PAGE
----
Soledad Rios, who's lived in Medellin's most violent neighborhood, Comuna 13, for 30 years, sells blood sausage and empanadas on a street corner for a living, frying them up fresh for customers. Sometimes when she had to run for shelter during a gun battle, she would have to leave the empanadas sizzling in the deep fryer, and they would be black, hard crusts by the time it was safe to venture outside again.
In the mornings she used to run a day care center for little kids whose mothers either washed clothes or cleaned houses for a living. Some of the kids didn't have anyone looking after them, period. "We lost a lot of boys to Sacol," she observes, which is a cheap glue sold in plastic bags and favored by those who can't afford crack.
In the evenings she concentrates on her hobby: writing. She says she has never taken a writing class, nor has she finished a university degree. But in her section of Comuna 13, she has gained a reputation for being the neighborhood's unofficial historian. "I like urban histories," she says. "Usually I pick a personality from the neighborhood or an event that happened and I just start writing it down." She writes on loose leaf paper or cheap notebooks with cartoon characters on them. Usually the stories end up being two or three pages long -- others are 20, 30, 40 pages.
There have probably been thousands of pages -- newspaper editorials, human rights reports, police memos -- written about Medellin's Comuna 13 in the past decade. The neighborhood's woes are emblematic of the urban violence that has plagued Colombia since the 1980s. Once ruled by leftist guerrilla groups, it was taken over by paramilitaries who would "disappear" boys for wearing their hair too long or for smoking pot. Soledad says she lost her brother during the conflict: he was pulled off a bus by guerrillas who accused him of being an off-duty soldier because of his military-style haircut. They broke all his fingers before they killed him and rolled the body into a ditch.
Comuna 13 is currently home to a vicious set of warring street gangs who think nothing of chopping up little kids with machetes in order to warn rivals off their turf. "They don't even know what they're fighting about now," says Soledad.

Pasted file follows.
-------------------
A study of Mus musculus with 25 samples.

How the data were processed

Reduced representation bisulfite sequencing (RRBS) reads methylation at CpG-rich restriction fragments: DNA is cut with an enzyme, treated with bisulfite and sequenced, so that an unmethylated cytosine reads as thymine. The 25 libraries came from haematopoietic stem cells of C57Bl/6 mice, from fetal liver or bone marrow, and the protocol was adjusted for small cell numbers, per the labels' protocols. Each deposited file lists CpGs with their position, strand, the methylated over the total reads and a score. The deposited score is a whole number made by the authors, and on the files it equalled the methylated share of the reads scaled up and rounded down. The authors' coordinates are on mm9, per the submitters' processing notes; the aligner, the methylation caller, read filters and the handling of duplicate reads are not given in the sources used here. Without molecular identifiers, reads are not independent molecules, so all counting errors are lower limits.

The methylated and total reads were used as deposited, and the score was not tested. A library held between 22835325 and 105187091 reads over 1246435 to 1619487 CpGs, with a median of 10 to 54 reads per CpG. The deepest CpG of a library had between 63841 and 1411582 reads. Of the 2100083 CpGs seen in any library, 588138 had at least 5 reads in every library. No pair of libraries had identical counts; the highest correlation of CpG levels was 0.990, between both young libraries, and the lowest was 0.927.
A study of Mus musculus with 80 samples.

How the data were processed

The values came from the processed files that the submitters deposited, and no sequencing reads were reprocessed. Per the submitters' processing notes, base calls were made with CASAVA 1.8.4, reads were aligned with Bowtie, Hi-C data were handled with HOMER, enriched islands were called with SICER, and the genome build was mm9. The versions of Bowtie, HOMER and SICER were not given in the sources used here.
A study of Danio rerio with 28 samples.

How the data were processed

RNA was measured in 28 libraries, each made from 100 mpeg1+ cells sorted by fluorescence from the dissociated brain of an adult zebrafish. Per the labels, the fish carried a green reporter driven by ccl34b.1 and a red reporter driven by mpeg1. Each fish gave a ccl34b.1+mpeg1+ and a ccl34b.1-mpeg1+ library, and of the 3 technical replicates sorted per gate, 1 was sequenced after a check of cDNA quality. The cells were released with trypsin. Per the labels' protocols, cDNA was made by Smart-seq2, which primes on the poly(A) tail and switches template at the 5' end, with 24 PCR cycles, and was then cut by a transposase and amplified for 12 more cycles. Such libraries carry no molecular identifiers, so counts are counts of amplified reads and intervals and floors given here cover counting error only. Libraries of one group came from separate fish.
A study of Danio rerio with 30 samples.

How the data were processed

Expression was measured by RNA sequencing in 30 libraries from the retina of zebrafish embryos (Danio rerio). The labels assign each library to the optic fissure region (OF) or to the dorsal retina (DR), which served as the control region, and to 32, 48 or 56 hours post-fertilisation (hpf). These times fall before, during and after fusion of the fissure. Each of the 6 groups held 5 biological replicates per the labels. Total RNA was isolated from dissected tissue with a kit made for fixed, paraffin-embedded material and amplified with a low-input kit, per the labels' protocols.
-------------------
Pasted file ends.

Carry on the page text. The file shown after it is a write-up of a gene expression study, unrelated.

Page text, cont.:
Nowadays, Medellin is supposed to be slipping into a new narrative. It was just voted the world's most innovative city. Comuna 13 is supposed to form part of that narrative: the city government just built a $7 million electric staircase just outside the metro station, which takes commuters on a 10-minute ride to "la parte alta" -- the poor part, the really violent part, the you-don't-want-to-go-there-as-a-tourist -- part of the neighborhood. Medellin has poured millions into hip hop and art workshops and after-school programs in Comuna 13. In some ways, Comuna 13 is to Medellin what Ciudad Juarez was to Mexico: authorities know that if they can cut down violence rates here, of all places, they can tout it as a huge success in security policy -- even if the rest of the country is even more screwed up.
Everyone is just dying to tell the story of Comuna 13 as the place where things were really bad, but now it's making a comeback. Or else there's the story of Comuna 13, the place where things were really bad, and things are still bad, if not worse. What happens to Comuna 13 in the next few years will be central to Medellin's changing narrative of itself. Is it a city that deserves to reminded of its Pablo Escobar past in every New York Times travel write-up, or is it the City of Eternal Spring where investors, hipsters and backpackers are all eagerly jostling for space?
Soledad has her own stories of Comuna 13 to tell, although she has never published them. She takes notes on the changes in "la parte alta" over the past years. Back when the guerrillas were in charge, block parties were still allowed, when residents would shut down the street and cook up giant vats of chicken stew on Sunday afternoons. "Now mothers are too scared to send their kids out to buy milk in the mornings," she says. "If you're going to celebrate something, you do it shut inside the house."
Due to the current tensions between Comuna 13's gangs, no one dares cross the invisible barriers that divide one gang's territory from another's. Soledad listens to the neighbors gossip about the latest twists and turns in the gang war, and writes down what she remembers. Boys don't bother looking for construction jobs in the Comuna 13 sectors anymore -- everyone heads down to the center of the city to hustle for work. Mothers who are bored and stuck in the neighborhood -- unable to visit relatives just a few blocks over -- get together at night and booze it up. The drink of choice? An 88-cent knockoff of a sugarcane spirit.
In her own way, Soledad represents the typical narrative of a long-time Comuna 13 resident all too well. In 2011, she had to leave her neighborhood, and her school, and move down to an apartment building next to the metro station, after a local gang told her that her teenage son had to either join up, or get out. She is one of Medellin's internally displaced -- thought to number in the hundreds of thousands. She still fries empanadas in the morning and jots things down in her notebooks at night. People come up to her and tell her things. There are rumors of a mass grave in a compost heap in one part of Comuna 13 where many of the city's disappeared -- beheaded or chopped up into pieces -- have supposedly ended up.
Soledad says she hopes to get her urban histories published one day, although her hopes aren't very high. "Nobody makes a living off of art around here," she says.